Inhalers & Bronchodilators

Inhalers & Bronchodilators


Bronchodilators are medications that relax the muscles that wrap around your breathing tubes, allowing the tubes to become larger and easier to breathe through. Each bronchodilator is different, based on 1. the chemical make up, 2. how fast it works and 3. how long it lasts. Your health care provider will work with you to decide which of these medications or combinations work best for you.

Types of bronchodilators:

  • beta2-agonists
  • anticholinergics
  • theophyllines
  • Beta2-Agonists

Inhaled beta2-agonists can be fast-acting (start to work within 3 to 5 minutes), or slow acting (take 20 minutes to work). These medications can also be short- or long-lasting. Short- lasting beta2-agonists (albuterol, pirbuterol, salbutamol, terbutaline) last for 4-6 hours, while long-lasting (salmeterol, formoterol) can last for up to 12 hours. Indacaterol and vilanterol last up to 24 hours. Albuterol and terbutaline are available in both inhaled and pill forms. The pill form can cause more side effects than the inhaled form. Beta2-agonists that are fast-acting are also known as reliever medicines because they bring quick relief for breathlessness, but do not last long enough to provide 24- hour relief. Using your reliever medication before an activity that you know makes your breathing worse (exercise, showering, or going out into the cold air) may help lessen or prevent your breathing difficulty. Long-lasting beta2-agonists are taken every 12 to 24 hours, providing more convenient treatment of COPD than short acting drugs.

How to Use an Inhaler

If you have a lung disease such as chronic obstructive pulmonary disease (COPD) or asthma, you are probably using an inhaler. There are several different types of inhalers, all of which deliver medicine into your lungs. However, if you have never been taught to use your inhaler correctly, then you may not be getting the full benefit of your inhaled medicine. At your next visit with your health care provider, bring your inhaler(s) and ask them to check that you are using them correctly.

Using Your Metered Dose Medication Inhaler (MDI)

A metered dose inhaler (MDI) is a small device used to deliver medicine that you breathe into your lungs. A dose of medicine comes out with each spray (puff). It can be hard to coordinate taking a breath into your lungs and activating the spray at the same time. In fact, using the best technique, you may only get 15% of what comes out of the inhaler into your lungs. Your healthcare provider may recommend that you use a device called a spacer/ chamber, which stores the puff in the chamber until you breathe it in, giving you a better chance of getting the medicine into your lungs. Some spacer/chambers can increase the amount of medicine that comes out of the inhaler into your lungs to 20-25%, but not all spacers can increase delivered dose to this percentage. When choosing a spacer/chamber, ask for one that has a one- way valve, which keeps the medicine in the chamber until you breathe it in. You should get fewer side effects from the medicine if it goes into your lungs and does not get sprayed into the back of your throat or on your tongue.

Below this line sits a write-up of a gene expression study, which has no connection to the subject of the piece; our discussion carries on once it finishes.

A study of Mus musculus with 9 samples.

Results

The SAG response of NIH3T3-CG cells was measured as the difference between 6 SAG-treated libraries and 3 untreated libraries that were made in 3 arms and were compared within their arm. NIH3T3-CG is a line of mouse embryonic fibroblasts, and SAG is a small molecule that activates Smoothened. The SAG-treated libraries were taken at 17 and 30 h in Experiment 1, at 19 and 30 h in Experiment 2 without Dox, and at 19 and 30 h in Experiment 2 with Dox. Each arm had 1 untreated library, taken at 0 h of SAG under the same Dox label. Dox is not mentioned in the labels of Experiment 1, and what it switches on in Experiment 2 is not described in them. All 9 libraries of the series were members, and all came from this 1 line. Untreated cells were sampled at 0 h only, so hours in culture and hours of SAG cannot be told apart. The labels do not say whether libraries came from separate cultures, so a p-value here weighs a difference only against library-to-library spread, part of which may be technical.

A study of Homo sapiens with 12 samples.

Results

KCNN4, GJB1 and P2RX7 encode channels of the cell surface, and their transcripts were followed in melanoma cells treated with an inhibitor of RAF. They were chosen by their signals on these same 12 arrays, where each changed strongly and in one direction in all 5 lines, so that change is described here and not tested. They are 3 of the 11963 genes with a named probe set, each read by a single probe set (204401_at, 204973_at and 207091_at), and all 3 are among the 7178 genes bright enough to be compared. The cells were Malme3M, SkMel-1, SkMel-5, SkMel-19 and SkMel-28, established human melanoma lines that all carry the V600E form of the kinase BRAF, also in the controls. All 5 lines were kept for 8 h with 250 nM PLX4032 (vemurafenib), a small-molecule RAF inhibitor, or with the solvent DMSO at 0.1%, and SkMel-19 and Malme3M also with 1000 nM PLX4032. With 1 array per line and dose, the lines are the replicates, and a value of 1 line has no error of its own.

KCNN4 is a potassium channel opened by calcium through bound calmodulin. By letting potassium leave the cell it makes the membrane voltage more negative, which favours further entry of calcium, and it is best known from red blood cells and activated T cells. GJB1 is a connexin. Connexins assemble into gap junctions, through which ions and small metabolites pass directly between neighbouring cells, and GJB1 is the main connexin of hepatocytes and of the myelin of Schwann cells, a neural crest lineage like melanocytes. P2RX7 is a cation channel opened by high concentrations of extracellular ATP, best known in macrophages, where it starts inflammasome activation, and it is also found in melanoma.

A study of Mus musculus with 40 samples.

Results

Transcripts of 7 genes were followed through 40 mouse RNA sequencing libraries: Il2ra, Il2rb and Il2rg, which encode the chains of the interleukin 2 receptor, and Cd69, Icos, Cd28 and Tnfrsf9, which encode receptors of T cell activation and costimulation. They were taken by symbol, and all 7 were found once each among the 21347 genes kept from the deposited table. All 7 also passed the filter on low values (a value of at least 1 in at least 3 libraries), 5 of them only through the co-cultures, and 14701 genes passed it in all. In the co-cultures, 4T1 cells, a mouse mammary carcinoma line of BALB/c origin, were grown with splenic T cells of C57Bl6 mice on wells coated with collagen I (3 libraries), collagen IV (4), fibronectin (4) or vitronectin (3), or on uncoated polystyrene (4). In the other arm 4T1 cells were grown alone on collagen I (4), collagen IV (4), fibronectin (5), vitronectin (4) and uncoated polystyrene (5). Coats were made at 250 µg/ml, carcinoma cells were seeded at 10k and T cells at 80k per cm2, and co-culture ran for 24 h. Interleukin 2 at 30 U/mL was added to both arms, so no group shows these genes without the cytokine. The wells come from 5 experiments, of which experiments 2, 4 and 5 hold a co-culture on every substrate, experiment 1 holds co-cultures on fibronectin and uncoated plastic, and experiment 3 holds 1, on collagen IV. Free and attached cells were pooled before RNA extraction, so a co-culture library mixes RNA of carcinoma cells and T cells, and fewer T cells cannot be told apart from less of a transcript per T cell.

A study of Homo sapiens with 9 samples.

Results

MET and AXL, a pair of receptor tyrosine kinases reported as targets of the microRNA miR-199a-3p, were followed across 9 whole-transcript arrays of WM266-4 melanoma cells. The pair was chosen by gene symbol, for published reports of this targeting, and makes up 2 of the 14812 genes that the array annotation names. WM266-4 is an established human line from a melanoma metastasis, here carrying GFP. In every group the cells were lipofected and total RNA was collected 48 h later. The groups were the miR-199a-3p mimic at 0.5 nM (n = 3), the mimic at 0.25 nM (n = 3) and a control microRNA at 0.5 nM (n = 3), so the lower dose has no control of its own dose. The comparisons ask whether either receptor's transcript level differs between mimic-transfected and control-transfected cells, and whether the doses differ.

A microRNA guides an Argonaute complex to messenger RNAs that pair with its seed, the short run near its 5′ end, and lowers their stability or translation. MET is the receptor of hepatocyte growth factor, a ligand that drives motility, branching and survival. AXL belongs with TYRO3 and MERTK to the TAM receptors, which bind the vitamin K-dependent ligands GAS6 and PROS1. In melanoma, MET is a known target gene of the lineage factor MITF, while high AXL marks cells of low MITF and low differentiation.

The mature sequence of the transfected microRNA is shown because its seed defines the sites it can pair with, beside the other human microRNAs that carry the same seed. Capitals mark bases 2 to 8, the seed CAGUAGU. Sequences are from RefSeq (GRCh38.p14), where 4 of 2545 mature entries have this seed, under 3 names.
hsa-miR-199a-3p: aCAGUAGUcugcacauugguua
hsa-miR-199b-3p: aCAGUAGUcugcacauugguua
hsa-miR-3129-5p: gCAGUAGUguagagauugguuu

What is an HFA inhaler?

There are several substances in the inhaler in addition to the medication. The substance that causes the medication to spray (the propellant) has been chlorofluorocarbon (CFC) until recently. Since CFC’s have been found to damage the ozone layer, they are banned from production. The new propellant in your inhaler will be hydrofluoroalkane (HFA). HFA is not your medication but helps deliver your medication.

Which inhalers will have HFA?

Any inhaler discharging a liquid such as albuterol, levalbuterol, salmeterol and beclomethasone (in liquid form) now use HFA. Devices that have medication in powdered form such as formoterol, salmeterol, tiotropium, and most combination inhalers, do not require a propellant.

Will my inhaler work the same way with the HFA propellant?

MDI’s using HFA will actually improve your chances of getting a good dose of the medicine.

HFA propellant comes out of the inhaler in a softer manner and the medicine particles are smaller in size. The finer the spray, the smaller the particles in each puff allowing a better chance of getting the medication into your lungs. Although you may also not feel the same “kick” you received from your CFC inhaler and may wonder if you’re getting enough medication, it’s likely that you are. You should also note that if you can “see” the spray, the particles are too large to get into your lungs.

Using a Spacer/Chamber

A spacer/chamber device should be used with all MDI’s (inhalers that spray liquid, not inhalers with dry powder) to increase the amount of medication that gets into your lungs. If you are inhaling a steroid medication by MDI, it is even more important that you use a spacer/chamber. This will lessen the amount of drug that lands in your mouth. If you do not have a spacer/chamber, use the technique (“open” or “closed” mouth) that works best.